Toledo, Ohio (PRWEB) February 26, 2013
On Friday, The Toledo Blade reported a multiple-wound dog attack in North Toledo in which a dog owner, Maria Drake, was found in her backyard with her family’s pit bull attacking her. The woman was taken to Mercy St. Vincent Medical Center where she underwent surgery for her wounds.
This incident brings to light the danger that dogs pose to many in the Toledo area. In this particular case, it is thought that Drake’s pit bull turned on the mother, and the dog is currently in quarantine at the Lucas County Dog Warden to see if it is rabid. But, there are several things that others should know about dangerous dogs and how they should protect themselves.
According to DogsBite.org, 1,000 U.S. citizens require emergency medical treatment for a dog bite injury. Of the dog bite attacks that involve large molosser breeds, 79-percent end in bodily harm, and 69-percent result in fatality.
A report released in 2010, conducted by The Agency for Healthcare Research and Quality, showed that dog bites resulting in hospitalization nearly doubled over the previous 15 years. These dog-bite related hospital stays occurred three times as often in urban areas.
DogsBite.org explained that most deadly dog attacks occur when a child is temporarily staying at the home of a relative or friend that owns a pit bull or rottweiler as a pet. The organization explains that some of the other dangerous situations include those with chained dogs, a pack of dogs, and vehicles with dogs inside.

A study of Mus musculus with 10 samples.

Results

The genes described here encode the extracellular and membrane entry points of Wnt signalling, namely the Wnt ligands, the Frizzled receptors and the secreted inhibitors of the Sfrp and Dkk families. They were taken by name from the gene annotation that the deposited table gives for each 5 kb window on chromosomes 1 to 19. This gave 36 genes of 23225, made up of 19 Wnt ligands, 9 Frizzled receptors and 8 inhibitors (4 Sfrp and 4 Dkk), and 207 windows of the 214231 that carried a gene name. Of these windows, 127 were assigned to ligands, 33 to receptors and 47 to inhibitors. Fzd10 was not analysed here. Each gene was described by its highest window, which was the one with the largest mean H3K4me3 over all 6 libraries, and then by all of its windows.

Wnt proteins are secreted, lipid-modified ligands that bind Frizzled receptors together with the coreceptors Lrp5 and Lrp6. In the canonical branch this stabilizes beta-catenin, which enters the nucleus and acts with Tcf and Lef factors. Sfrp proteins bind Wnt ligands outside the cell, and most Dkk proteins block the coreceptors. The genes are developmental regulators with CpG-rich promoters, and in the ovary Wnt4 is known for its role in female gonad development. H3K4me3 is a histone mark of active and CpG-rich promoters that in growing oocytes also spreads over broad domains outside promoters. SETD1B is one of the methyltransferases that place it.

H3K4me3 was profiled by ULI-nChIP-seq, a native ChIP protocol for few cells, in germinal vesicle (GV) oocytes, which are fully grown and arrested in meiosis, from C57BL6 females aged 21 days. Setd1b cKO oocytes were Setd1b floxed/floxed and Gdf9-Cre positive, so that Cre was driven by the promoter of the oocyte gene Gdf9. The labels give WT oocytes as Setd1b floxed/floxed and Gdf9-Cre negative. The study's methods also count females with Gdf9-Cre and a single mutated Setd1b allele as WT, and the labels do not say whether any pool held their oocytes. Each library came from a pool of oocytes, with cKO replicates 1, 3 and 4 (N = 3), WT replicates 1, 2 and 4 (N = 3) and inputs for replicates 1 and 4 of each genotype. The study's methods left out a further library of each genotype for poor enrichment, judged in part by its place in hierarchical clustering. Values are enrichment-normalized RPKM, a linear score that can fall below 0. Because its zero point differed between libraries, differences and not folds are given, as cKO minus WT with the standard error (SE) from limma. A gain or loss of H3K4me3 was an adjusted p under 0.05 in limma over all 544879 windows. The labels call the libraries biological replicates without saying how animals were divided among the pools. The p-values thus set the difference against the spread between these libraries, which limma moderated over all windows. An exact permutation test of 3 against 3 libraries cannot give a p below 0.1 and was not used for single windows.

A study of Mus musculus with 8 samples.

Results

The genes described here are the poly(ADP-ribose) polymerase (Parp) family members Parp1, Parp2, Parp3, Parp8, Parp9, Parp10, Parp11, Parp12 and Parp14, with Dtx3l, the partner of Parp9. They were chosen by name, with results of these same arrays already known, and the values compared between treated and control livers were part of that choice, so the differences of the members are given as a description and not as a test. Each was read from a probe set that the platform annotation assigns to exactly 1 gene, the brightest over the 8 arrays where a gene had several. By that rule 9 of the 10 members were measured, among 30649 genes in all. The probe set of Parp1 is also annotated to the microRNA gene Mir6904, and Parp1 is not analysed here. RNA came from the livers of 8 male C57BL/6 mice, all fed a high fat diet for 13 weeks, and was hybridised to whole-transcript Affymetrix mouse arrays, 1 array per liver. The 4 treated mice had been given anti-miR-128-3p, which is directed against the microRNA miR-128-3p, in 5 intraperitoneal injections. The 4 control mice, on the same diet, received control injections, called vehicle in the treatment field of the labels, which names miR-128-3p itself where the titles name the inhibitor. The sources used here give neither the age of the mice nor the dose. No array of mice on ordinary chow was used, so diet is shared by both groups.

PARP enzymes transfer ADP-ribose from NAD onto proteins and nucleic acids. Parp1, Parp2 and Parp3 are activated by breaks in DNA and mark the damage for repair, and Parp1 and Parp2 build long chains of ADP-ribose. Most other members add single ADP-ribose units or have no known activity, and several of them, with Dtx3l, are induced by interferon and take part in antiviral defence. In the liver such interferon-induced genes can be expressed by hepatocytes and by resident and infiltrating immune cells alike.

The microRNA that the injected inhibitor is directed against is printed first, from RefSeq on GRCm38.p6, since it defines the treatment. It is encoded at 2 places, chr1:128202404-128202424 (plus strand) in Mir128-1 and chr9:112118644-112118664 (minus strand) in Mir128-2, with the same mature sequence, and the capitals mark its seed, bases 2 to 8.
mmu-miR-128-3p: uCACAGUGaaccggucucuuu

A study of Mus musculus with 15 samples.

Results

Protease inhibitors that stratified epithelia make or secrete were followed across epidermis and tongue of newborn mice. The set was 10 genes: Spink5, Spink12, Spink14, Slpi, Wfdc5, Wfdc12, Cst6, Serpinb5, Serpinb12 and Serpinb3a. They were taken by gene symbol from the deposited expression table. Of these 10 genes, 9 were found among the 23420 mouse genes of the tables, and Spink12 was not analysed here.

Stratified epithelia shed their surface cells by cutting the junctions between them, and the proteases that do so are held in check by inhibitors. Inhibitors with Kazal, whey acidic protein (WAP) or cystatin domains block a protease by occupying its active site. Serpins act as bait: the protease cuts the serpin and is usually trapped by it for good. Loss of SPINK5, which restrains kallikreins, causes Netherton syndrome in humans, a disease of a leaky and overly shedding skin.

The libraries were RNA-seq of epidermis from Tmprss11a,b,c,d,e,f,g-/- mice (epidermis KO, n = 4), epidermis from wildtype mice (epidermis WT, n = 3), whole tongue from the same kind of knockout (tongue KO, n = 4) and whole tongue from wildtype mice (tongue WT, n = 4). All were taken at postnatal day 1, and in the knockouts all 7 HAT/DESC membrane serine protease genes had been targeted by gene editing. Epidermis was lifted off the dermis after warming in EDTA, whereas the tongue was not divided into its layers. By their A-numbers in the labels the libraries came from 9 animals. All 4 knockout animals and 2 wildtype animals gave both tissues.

To prevent a dog bite incident, it is important to remember some key points. First, as explained by DogsBite.org, never touch or pet a dog that has not seen you first. This increases the likelihood of a dog bite. Also, do not tease a dog, especially one that is chained. The chance of a chained dog bite is especially high when the dog is male and unaltered. It is also important to not startle a sleeping dog, bother a dog that is eating, or interrupt a dog that is caring for its puppies.
The Humane Society of the United States offers safety guidelines for when a dog attack is imminent. These guidelines include standing motionless and avoiding eye contact with the dog. If the dog remains interested and then attacks, the Humane Society recommends “feeding” the dog something similar to a jacket, purse, or any item that can put space between the dog and the individual. If none of these work, and the individual falls to the ground with the dog attacking; curl the body into a ball, using the hands to cover the ears. Screaming or flailing around may excite the dog even more, so it is important to remember to stay as still as possible.
The Charles E. Boyk Law Offices, LLC wants Toledoans to be aware of the dangers related to dog bites and attacks. The office has seen firsthand what a dog attack can do to someone, and would like to help prevent any future trauma to the citizens of the Toledo Metropolitan Area.